Soldiers barred us from monitoring elections in Rivers, EU observers allege



This was contained in their preliminary report made available in Abuja on Monday. The Chief Observer, and member of EU Parliament, Maria Arena, noted that INEC had invited them to monitor the elections and make recommendations.

She said, “Observers, including EU observers, were denied access to collation centres in Rivers, apparently by military personnel. This lack of access for observers compromises transparency and trust in the process.

“In Rivers, INEC suspended until further notice the elections due to violence in polling units and collation centres, staff being taken hostage and election materials, including results sheets, seized or destroyed by unauthorised persons.

“There is no doubt that the electoral process there was severely compromised.”

Arena expressed concerns over violence, underage voting and vote-buying that characterised the governorship and House of Assembly elections in some states.

According to her, the EU deployed 73 observers to keep a close watch on voting, counting and the collation of results in 22 states. The team monitored 223 polling units in 81 collation centres.

“Although election operations improved, the elections were also marked by an overall low turnout and violence, including against election officials and voters,” Arena added.

“However, at eight polling units observed, we saw indications of vote-buying. Eight cases of obvious underage voting were also observed. Our observers saw that the counting of ballots transparent overall.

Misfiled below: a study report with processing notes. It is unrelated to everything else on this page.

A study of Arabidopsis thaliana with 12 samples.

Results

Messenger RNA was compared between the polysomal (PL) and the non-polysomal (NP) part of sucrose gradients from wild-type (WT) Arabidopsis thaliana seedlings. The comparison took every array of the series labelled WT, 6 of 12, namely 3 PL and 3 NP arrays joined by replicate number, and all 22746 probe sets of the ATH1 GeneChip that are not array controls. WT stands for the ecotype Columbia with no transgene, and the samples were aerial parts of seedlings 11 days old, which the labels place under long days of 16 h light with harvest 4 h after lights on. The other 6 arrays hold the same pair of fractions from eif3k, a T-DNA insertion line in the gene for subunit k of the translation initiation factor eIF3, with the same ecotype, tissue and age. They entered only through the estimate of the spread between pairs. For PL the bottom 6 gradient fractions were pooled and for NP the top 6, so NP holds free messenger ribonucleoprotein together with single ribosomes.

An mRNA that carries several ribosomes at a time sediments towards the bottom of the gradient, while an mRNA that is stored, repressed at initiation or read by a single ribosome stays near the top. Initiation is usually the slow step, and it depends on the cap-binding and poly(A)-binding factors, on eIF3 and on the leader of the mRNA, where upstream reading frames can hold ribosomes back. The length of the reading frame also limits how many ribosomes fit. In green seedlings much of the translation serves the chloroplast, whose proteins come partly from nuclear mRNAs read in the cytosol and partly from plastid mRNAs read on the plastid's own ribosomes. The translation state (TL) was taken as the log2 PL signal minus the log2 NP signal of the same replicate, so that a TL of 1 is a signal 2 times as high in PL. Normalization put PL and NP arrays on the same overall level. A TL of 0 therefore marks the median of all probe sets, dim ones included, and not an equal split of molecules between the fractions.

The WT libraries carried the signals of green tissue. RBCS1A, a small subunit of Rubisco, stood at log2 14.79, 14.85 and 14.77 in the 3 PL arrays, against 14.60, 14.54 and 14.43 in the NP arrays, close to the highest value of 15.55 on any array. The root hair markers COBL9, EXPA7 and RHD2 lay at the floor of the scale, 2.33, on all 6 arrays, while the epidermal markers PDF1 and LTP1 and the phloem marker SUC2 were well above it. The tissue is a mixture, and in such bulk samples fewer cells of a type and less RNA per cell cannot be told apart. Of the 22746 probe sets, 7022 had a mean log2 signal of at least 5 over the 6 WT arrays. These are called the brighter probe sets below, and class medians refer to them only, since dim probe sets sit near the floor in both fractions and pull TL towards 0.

Emphasising the need for electoral reforms in the country, Arena faulted the misuse of power of incumbency by the governors of the All Progressives Congress (APC) and Peoples Democratic Party (PDP) on state-owned media houses.

She added, “While there can be many reasons for a low turnout, and it is not for me to speculate, it is surely disappointing that overall, only a relatively small portion of what is by far and away Africa’s largest electorate actually cast a vote on both election days. We hope that after these elections, parties and institutions look at what is needed to make voters want to take part in elections.”

On her part, the Deputy Chief Observer, Hannah Roberts, berated INEC for not providing specific information on  the cancellation of votes in the February 23 elections.

She said, “While this number did not affect the outcome given the margin of win, this was not a good process. INEC did not provide sufficient information on these cancellations, the specific reasons for them, and the precise local government areas affected. This undermines public confidence in the process.”